By Lori Dittman WV House of Delegates 63rd District
During the first full week of the 86th Legislature, the West Virginia House of Delegates have passed five of its bills to the Senate for consideration, the first being House Bill 2526, which would gradually reduce the personal income tax by 50 percent over three consecutive years.
A bill that passed the full House Thursday by a unanimous vote would leverage the state’s position in the fast lane for digitally titling vehicles. House Bill 2506 allows the DMV to create a title clearinghouse for businesses not based in West Virginia. The process would reduce the time for titling from a 40-day process on paper to a four-day process. With the titling fee of $15 at a bare minimum, the state road fund will get a $15 boost every time a non-resident business titles a vehicle in West Virginia. It is anticipated that within two years, this could add $100 million to the road fund.
The first completed legislation of the session were Senate Bill 161 and Senate Bill 162. SBH 161 will allow the Division of Natural Resources to sell, lease, or dispose of any obsolete or unused property under its control. If the land is in a state park or state forest, the Legislature first would need to grant approval. SB 162 would allow the DNR to lease tiny pockets of underground open areas so energy producers who liquify the carbon they capture are able to pump it down into those spaces to keep carbon from being released into the atmosphere. Both pieces of legislation have been sent to the Governor for his signature.
A total of 890 bills have been introduced in the House.
Other activities of this week included several events and celebrations.
I was honored to attend a commemoration and celebration of the life of the Rev. Dr. Martin Luther King, Jr. The event was held at the West Virginia Culture Center.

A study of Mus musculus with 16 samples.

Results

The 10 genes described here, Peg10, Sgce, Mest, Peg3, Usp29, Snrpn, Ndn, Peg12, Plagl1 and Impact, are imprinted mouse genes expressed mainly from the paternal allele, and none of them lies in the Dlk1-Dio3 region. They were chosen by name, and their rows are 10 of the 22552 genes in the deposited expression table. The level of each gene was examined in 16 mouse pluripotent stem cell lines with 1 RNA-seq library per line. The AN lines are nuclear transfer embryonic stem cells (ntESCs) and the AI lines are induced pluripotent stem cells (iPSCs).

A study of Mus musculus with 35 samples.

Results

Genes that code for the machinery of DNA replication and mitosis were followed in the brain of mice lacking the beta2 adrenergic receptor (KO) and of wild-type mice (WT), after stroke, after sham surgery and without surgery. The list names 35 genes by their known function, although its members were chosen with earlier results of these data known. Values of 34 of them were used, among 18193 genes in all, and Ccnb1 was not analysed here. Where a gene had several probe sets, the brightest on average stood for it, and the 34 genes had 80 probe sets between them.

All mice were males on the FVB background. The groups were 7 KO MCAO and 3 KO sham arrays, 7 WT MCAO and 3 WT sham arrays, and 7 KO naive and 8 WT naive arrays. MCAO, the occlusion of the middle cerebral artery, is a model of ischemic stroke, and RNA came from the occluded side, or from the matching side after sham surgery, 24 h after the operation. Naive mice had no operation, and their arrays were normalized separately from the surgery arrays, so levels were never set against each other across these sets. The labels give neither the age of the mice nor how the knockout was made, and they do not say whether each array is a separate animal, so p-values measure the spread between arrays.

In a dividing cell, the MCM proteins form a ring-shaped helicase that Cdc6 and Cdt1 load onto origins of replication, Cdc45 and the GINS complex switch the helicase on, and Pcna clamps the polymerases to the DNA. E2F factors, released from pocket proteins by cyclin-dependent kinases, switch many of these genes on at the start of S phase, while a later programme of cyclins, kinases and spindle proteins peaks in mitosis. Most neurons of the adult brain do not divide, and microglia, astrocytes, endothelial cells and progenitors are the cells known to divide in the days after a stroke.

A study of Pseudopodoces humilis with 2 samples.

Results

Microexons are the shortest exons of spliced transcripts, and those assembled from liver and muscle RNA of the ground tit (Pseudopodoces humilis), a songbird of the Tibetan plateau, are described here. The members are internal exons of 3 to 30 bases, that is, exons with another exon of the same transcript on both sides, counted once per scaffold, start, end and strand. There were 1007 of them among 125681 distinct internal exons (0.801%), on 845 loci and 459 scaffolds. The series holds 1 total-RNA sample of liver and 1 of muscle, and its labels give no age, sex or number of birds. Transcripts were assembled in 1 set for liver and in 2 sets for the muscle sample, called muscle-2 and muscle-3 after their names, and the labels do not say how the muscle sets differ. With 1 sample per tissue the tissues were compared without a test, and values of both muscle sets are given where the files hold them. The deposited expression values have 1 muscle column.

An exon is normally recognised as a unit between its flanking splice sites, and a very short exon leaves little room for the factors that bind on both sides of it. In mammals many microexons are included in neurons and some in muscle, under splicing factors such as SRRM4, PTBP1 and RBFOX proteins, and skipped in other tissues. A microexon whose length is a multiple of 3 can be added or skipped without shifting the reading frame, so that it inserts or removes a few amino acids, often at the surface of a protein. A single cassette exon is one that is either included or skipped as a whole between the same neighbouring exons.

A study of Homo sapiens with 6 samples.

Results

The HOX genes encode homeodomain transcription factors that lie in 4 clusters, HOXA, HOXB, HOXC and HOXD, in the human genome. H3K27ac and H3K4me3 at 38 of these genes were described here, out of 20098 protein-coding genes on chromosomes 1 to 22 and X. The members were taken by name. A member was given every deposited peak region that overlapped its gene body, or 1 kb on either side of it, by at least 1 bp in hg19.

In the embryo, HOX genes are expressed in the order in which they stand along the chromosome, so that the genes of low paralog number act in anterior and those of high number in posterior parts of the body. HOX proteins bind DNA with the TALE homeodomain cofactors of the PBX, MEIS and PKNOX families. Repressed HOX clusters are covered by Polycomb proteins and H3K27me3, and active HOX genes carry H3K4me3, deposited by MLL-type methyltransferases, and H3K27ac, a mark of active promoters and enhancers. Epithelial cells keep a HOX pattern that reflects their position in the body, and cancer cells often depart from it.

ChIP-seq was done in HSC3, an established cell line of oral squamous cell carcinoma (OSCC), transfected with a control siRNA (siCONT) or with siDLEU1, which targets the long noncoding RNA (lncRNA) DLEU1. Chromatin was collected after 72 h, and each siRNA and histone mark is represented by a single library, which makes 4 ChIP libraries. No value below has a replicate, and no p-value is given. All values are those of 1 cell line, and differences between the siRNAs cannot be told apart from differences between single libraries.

It was my pleasure to welcome pages from the Gilmer County Girl Scouts. Clarissa Miller and Ariana White , both accompanied by La Tasha White. As a teacher of West Virginia History, I am always excited to see young people take an interest in the legislative process.
A reception was held to celebrate the partnership between Marshall University and Glenville State University. The collaboration between the two schools will expand programs like nursing and their shared resources will allow for additional course offerings.
I would also like to congratulate Glenville State University professor, Jacob Petry who invented the Pathfinder. This tool is a directional conversion wheel.
Randy James, a member of the Frametown Volunteer Fire Department, stopped by my office to discuss firefighter and EMT concerns. Our volunteer firefighters and EMTS are vital to our rural communities.
Conservation Day was held on January 16, where I met with representatives Larry Sponaugle and Jane Cain to discuss importance of conservation and future projects.
I met WVU Basketball Coach Bob Huggins. He was recognized by the Legislature for his induction into the Naismith Memorial Basketball Hall of Fame.
Braxton County’s own Samantha Morris re-enlisted in the West Virginia State Police. Congratulations and thank you for your service.
Aside from legislative duties, I would like to offer my condolences to my predecessor, Brent Boggs, and his family, on the loss of Brent’s father, Doyle. I have known Doyle most of my life through his service in our church and our community. My prayers continue to be with him and his mother, Ethel Mae, and their family.
“Everybody can be great because everybody can serve. You don’t have to have a college degree to serve. You don’t have to make your subject and your verb agree to serve. You only need a heart full of grace, a soul generated by love.” (Rev. Dr. Martin Luther King, Jr.)